Doug Jones warns Alabama may be most affected if pre-existing conditions are eliminated from ACA

ACA health care
[Photo Credit: (AP Photo | Jacquelyn Martin]

U.S. Senator Doug Jones is stepping up to defend pre-existing conditions in the Affordable Care Act (ACA), which the Trump Administration argues are unconstitutional.

In February, 20 attorneys general, including Alabama Attorney General Steve Marshall filed a lawsuit against the U.S. Department of Health And Human Services (HHS) arguing changes made during the 2017 tax bill made the ACA unconstitutional.

“The attorneys general argue that a Supreme Court decision in 2012 saved the ACA from being declared an unconstitutional overreach of congressional power by declaring the penalty a tax and pointing out that Congress has the power to levy taxes,” the Washington Post reported. “Without the tax penalty, they argue, ‘the Court should hold that the ACA is unlawful and enjoin its operation.'”

In a court filing in June, the Trump administration specifically “urged the Texas federal court to strike down two provisions from the ACA: one that requires insurers to cover people with pre-existing conditions, and the other that prevents insurers from charging individuals a higher premium because of their pre-existing condition,” according ABC News.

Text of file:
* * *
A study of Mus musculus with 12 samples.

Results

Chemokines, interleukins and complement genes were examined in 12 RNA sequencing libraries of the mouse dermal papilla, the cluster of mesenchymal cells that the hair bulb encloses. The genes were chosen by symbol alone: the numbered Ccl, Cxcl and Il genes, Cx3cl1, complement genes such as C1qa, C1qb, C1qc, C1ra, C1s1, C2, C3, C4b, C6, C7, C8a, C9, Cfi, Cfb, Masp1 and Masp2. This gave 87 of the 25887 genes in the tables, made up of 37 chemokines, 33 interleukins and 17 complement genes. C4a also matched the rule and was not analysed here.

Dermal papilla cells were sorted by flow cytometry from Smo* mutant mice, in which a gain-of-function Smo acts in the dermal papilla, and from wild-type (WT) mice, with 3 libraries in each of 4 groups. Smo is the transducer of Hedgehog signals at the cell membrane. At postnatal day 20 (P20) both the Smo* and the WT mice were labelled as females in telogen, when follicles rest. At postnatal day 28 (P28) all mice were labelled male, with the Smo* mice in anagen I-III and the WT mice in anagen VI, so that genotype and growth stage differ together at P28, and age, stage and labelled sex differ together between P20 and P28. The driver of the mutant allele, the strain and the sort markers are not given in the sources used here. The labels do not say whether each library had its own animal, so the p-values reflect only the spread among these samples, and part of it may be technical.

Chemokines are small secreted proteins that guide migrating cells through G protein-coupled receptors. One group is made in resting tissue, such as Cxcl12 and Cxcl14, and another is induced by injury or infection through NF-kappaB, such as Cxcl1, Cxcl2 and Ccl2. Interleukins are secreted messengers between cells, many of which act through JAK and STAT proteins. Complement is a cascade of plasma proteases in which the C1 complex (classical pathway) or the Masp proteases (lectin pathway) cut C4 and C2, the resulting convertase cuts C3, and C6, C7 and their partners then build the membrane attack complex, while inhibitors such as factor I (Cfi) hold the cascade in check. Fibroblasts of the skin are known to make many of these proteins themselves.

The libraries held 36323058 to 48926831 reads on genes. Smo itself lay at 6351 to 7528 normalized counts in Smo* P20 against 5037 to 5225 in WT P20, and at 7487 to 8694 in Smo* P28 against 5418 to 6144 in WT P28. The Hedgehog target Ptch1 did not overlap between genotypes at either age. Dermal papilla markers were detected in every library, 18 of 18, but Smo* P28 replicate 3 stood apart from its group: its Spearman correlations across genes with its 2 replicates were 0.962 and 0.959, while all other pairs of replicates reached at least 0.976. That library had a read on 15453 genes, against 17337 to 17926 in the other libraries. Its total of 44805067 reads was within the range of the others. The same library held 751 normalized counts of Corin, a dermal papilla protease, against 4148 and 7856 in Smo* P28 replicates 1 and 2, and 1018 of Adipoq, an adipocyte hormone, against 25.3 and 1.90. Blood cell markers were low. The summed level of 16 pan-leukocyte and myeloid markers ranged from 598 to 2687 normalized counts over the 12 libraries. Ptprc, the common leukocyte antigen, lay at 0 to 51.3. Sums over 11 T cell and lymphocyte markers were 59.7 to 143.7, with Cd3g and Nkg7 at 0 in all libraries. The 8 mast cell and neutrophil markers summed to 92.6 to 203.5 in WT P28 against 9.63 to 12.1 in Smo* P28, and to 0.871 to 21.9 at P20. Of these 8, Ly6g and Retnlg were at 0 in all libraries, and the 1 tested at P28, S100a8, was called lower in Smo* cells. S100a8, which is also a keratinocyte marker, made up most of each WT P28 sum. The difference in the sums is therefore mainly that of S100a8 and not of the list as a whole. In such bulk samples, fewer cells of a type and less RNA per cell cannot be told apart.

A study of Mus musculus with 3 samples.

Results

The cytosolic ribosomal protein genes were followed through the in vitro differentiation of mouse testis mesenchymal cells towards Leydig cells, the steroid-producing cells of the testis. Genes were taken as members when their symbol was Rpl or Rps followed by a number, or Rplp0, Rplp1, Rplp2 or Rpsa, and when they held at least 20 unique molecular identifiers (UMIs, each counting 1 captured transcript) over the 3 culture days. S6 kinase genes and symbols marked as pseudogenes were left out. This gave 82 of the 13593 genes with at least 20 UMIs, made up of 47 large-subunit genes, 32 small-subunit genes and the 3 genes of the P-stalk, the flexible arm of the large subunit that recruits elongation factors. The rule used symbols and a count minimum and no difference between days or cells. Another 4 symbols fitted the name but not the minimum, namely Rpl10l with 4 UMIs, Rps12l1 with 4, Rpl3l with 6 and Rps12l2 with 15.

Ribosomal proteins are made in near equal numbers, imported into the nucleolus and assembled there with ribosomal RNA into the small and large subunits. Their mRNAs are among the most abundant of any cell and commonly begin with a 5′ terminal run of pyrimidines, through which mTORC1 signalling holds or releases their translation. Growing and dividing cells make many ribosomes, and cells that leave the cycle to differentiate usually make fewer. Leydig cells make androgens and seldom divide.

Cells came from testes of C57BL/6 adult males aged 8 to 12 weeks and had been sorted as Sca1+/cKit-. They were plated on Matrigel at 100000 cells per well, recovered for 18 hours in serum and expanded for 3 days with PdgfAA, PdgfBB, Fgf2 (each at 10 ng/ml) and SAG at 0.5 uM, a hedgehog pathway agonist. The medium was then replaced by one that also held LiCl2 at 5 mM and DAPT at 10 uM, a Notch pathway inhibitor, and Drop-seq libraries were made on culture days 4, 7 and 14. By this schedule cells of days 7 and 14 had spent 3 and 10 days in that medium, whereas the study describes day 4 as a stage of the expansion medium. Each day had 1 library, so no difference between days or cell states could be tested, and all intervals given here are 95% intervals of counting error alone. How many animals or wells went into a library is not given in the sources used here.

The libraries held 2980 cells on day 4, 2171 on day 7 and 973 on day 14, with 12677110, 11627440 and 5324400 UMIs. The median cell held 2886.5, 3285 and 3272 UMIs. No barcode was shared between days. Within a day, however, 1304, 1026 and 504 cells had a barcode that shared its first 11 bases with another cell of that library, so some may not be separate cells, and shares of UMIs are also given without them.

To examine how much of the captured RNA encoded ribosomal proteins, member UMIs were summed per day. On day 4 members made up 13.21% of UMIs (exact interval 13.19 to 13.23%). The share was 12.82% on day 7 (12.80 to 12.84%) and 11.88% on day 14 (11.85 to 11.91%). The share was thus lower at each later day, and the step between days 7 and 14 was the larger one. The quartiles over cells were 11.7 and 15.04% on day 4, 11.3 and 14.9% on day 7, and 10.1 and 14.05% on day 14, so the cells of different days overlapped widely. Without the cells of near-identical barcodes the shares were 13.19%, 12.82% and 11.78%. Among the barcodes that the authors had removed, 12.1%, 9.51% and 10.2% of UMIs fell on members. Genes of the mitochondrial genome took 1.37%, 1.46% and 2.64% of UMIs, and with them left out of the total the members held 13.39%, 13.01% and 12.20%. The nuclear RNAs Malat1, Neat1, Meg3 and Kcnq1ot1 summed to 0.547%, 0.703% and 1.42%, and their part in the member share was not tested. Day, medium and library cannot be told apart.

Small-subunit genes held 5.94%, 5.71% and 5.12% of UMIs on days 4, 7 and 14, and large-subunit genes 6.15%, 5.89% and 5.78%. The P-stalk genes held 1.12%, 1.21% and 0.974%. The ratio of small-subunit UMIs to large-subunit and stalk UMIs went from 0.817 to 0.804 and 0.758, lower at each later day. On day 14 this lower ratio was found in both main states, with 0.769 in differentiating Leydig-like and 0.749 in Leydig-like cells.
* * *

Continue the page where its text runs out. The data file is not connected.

Jones pushes back

Now, Jones is warning that Alabama may be one of the most affected states if those protections are eliminated.

“I have just spent the last couple of weeks in a couple of roundtables listening to people affected: 900,000 people in Alabama affected by pre-existing conditions; and that’s just the people affected not their families,” Jones said.

“One in three Alabamians under age 65 lives with a pre-existing condition that would’ve left them with no health insurance or higher-cost insurance before the ACA was passed. That ranks Alabama among the states with the highest rates of residents with pre-existing conditions in the country and makes our state one of those hurt most if protection for pre-existing conditions is rolled back or eliminated,” Jones wrote in an Op-Ed to “And that’s not just a possibility – these protections are under serious threat because the Trump Administration is refusing to defend key provisions of the ACA in court.”